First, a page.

Santa Barbara County is closing in on reentering the state’s COVID-19 Red Tier for the first time in months — allowing more business operations, like indoor dining, to resume.
The county’s adjusted case rate, or the number of new cases per day for every 100,000 residents, is currently at 9.7. Santa Barbara must achieve a new case rate of between 4-7 in order to drop down from the more restrictive Purple Tier.
The California Department of Public Health is currently attempting to administer 2 million vaccines to those living in the state’s most vulnerable neighborhoods. Once the agency reaches its goal, officials recently announced, the standard for entering the Red Tier will be widened to 4-10 new cases per 100,000 residents ― which Santa Barbara County currently meets.
“The state has administered 1.875 million vaccines in [the most vulnerable neighborhoods] so far,” said Santa Barbara’s Public Health Director, Dr. Van Do-Reynoso. “So it is conceivable that by Friday or early next week we will be moved into the red.”
The state’s next goal is to administer four million vaccines to people living in the most vulnerable areas, and at that time the standards for all tiers will shift again.
LOCAL VACCINATION EFFORTS
This week, there was a 39 percent increase in the county’s vaccine allocation. It received 9,080 vaccines last week and 12,580 first doses this week — including the new Johnson & Johnson single-dose vaccine.
The Public Health Department is continuing its 70/30 vaccine split this week, too. Seventy percent of the vaccines are allocated for health-care workers and those 65 and older, and the other 30 percent is split between workers in emergency services, childcare and education, and food and agriculture.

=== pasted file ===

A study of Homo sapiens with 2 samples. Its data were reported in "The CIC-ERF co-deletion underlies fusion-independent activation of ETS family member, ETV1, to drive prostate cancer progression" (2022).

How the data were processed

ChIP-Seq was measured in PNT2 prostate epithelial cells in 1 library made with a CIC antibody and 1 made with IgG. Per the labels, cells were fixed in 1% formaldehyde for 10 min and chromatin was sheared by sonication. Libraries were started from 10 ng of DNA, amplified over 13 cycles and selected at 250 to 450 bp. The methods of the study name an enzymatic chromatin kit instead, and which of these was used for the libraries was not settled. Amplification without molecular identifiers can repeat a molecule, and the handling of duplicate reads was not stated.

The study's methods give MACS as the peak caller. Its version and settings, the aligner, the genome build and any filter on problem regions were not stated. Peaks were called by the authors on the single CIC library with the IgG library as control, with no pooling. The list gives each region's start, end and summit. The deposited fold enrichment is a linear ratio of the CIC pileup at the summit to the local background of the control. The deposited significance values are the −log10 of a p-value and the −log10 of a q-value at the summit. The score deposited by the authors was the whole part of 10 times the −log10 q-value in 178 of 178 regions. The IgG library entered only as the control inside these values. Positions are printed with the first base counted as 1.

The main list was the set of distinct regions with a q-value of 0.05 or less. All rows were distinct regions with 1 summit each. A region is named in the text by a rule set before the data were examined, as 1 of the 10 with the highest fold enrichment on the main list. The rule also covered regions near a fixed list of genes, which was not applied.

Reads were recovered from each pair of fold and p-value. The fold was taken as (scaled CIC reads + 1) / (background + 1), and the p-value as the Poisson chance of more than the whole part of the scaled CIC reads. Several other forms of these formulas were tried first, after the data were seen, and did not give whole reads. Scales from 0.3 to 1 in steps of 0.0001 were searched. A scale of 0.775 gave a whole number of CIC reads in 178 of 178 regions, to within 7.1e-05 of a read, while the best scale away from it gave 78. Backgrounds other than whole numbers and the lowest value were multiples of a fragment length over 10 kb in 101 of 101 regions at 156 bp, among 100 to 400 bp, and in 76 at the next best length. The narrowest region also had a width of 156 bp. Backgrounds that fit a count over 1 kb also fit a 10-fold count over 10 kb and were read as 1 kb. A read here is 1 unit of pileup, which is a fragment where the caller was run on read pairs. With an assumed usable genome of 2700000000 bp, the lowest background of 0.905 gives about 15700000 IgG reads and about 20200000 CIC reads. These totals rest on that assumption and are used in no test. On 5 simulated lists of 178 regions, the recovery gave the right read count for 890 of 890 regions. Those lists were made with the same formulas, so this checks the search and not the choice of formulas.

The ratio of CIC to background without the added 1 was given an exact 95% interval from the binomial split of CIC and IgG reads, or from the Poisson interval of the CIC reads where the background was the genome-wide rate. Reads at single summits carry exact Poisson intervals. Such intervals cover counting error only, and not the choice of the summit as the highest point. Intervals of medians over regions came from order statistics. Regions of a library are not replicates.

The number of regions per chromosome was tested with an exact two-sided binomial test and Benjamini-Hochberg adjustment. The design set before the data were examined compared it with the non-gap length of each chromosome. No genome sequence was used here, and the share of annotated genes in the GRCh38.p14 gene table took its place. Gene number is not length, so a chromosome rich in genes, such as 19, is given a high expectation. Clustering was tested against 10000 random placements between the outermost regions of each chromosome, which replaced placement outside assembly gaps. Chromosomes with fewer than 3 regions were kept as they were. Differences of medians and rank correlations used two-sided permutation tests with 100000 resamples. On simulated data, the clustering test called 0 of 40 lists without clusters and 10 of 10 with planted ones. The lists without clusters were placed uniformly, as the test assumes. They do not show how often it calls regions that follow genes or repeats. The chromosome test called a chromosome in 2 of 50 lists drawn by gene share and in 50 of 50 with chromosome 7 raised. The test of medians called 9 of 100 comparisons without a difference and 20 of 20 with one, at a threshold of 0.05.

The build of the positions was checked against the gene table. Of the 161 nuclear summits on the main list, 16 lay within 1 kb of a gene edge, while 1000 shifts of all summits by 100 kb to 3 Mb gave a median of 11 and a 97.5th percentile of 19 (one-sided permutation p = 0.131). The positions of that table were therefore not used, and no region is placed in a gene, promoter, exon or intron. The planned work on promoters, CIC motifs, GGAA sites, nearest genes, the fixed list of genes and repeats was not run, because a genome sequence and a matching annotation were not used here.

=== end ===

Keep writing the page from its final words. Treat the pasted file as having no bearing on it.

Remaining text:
Some members of the public and supervisors pushed back on the allocation for farmworkers, an underserved group who are typically Latino and low-income. Already, Latinos have been disproportionately impacted because they make up 48 percent of the county population while making up 73 percent of the cases.
“My office has been really active in working with the ag community to try to find a way to get more vaccines, not pointing fingers as much as looking under every rock possible,” said Bob Nelson, 4th District Supervisor. “I am frustrated by our inability to send more vaccines to the ag and food worker community.”
For now, Do-Reynoso said her department is “well-invested and supportive” of the agricultural and food workers and that the allocation is the most they are currently able to give.
The Centers for Disease Control also offered new interim recommendations for fully vaccinated people. Part of the guidance allows for fully vaccinated people to visit with other fully vaccinated people indoors without masks or physical distancing as well as visit indoors with unvaccinated people who are low risk and from a single household.
Do-Reynoso said her department is working on drafting local recommendations based on the new guidance, but that getting the vaccine does not mean that life “goes back to normal.” Fully vaccinated people should still take precautions and wear masks and socially distance in public, avoid medium-large gatherings, and get tested if experiencing symptoms, she said.
BY THE NUMBERS
The county’s COVID-19 metrics are still steadily declining.
Over the past two weeks, active cases have decreased by 40 percent. There are currently 272 active cases. Hospitalizations have continued to drop over the same time period by 38 percent and intensive-care-unit levels decreased by 12 percent.
Because deaths occur roughly two to eight weeks after the onset of COVID-19 symptoms, the death metric is delayed. In the past two weeks, death rates have increased by 7 percent, bringing the county total to 424 people lost to the virus.
Nearly a year into the pandemic — from March 15, 2020 through March 8, 2021 — 32,414 cases have been reported in Santa Barbara County. As of this week, 71,851 county residents have been vaccinated, 50 percent of whom are fully vaccinated.